Major holidays can be powerful forces, and not simply regarding the celebration and spirit they represent.
Occasions such as Thanksgiving and Christmas have a way of impacting recipes and menus, too, in a quirky and singular fashion.
Take the Christmas peppermint candy, which now shows up in cocoas and cocktails and even as a glaze to the main meat of Christmas dinner. Likewise, Thanksgiving's pumpkin, once an unassuming gourd decoration for the dining room table, now dominates the fancy coffees come November.
The edible, drinkable classics of St. Patrick's Day are also regularly incorporated in other dishes and beverages, sometimes to creamy and/or savory effect. Look to Guinness, that stouty stalwart of March 17, an Irish icon that now provides some beery punch to adult milkshakes and sundaes.
And look to corned beef, a hearty favorite of the holiday. True, you often see slices of the piquant meat served neat, next to new potatoes and cabbage, but places like The Morrison in Atwater Village are going the quirky-culinary route with an offbeat take on the burger.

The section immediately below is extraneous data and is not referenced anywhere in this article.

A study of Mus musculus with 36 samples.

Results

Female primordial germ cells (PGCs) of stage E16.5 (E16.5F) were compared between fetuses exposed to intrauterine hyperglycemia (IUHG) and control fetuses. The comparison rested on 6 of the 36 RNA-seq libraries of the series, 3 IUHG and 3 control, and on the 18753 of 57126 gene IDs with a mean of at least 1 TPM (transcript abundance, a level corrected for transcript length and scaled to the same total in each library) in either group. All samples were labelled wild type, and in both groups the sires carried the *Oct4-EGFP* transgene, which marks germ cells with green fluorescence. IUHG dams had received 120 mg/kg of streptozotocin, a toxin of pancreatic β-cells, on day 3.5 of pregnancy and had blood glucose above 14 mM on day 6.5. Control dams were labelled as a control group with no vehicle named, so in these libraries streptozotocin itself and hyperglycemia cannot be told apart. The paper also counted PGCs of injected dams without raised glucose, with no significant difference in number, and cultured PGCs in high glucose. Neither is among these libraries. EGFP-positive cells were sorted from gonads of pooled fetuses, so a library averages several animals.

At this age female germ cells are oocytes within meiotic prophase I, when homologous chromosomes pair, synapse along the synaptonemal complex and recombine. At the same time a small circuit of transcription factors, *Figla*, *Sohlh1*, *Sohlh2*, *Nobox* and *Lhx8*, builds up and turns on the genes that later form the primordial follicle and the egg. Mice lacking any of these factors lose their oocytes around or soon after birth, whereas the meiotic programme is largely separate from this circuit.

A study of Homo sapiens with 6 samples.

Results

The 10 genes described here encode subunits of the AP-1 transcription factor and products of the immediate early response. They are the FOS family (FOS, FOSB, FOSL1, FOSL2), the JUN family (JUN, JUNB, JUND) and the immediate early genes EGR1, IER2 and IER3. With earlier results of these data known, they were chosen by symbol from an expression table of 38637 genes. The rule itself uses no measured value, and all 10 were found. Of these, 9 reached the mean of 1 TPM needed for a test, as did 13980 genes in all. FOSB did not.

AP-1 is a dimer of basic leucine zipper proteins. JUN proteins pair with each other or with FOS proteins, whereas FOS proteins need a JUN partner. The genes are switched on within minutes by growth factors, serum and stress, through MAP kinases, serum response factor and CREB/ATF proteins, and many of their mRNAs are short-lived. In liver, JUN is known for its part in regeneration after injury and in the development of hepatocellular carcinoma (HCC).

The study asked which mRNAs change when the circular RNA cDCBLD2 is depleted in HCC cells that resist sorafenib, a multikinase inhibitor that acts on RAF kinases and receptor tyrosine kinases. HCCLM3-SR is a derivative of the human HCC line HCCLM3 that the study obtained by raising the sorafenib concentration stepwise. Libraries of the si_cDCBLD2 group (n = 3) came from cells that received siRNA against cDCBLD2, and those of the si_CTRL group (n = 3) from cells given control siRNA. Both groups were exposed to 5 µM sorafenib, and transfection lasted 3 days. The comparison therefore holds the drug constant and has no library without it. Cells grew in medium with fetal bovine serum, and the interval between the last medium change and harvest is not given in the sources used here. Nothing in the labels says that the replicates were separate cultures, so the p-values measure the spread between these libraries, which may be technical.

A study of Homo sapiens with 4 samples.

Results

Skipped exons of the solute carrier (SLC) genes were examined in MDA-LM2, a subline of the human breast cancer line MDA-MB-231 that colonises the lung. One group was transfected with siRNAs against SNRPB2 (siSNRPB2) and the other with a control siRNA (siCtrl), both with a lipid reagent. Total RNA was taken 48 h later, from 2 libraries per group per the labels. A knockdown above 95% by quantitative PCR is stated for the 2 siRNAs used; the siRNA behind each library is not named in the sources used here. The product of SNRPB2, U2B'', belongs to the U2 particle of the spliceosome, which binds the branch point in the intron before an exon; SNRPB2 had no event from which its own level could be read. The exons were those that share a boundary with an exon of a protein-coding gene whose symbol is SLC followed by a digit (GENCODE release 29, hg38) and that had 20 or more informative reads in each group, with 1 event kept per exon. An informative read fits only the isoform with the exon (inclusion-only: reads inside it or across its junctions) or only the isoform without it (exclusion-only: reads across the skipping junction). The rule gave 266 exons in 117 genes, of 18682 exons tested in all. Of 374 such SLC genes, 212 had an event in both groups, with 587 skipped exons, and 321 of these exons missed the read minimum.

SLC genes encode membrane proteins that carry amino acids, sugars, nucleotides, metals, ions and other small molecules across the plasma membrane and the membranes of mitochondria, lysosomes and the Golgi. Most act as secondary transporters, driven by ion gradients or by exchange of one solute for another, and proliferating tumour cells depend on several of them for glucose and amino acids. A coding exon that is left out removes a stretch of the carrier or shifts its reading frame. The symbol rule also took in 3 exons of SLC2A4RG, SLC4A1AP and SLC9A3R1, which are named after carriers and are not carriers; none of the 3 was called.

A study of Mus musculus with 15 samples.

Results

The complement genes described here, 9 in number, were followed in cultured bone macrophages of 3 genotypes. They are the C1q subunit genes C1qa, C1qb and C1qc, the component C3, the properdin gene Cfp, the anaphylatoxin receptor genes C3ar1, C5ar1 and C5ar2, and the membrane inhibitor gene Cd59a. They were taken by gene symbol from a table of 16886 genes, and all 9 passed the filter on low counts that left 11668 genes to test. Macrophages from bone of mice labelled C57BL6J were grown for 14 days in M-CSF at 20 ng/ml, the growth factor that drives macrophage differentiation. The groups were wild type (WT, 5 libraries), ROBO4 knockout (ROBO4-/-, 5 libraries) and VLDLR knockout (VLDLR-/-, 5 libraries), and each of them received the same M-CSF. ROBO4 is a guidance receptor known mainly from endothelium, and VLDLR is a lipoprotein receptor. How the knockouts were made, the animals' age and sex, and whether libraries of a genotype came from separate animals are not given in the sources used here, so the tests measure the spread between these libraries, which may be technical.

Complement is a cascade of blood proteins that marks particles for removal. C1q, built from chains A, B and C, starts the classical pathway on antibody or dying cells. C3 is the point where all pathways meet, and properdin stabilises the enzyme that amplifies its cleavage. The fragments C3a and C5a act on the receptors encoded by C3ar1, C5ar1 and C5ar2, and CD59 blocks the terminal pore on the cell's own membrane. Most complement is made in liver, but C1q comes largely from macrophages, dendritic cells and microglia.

The St. Patty's Burger is, in fact, a burger, but it comes topped with corned beef and cabbage, in addition to Swiss cheese and some other flavor-filled additions.
Oh, and a pint of Guinness is served on the side, natch.
Where will corned beef and Guinness show up next? And the third point on that tasty triangle, whiskey, which is also breaking out of the shot glass and appearing in eats not typically associated with the amber-hued spirit?
It's one of the charms of a big holiday, seeing the famous dishes of the day transform and even cameo in plates that have no holiday affiliations. So be on the watch, St. Patrick's revelers, for the meat and spirit and brew to show up in ways that, a decade or two ago, would have been deemed outlandish.
Not these days. Not in 2016. Anything goes, edible-wise, on our major holidays, and cheers to that.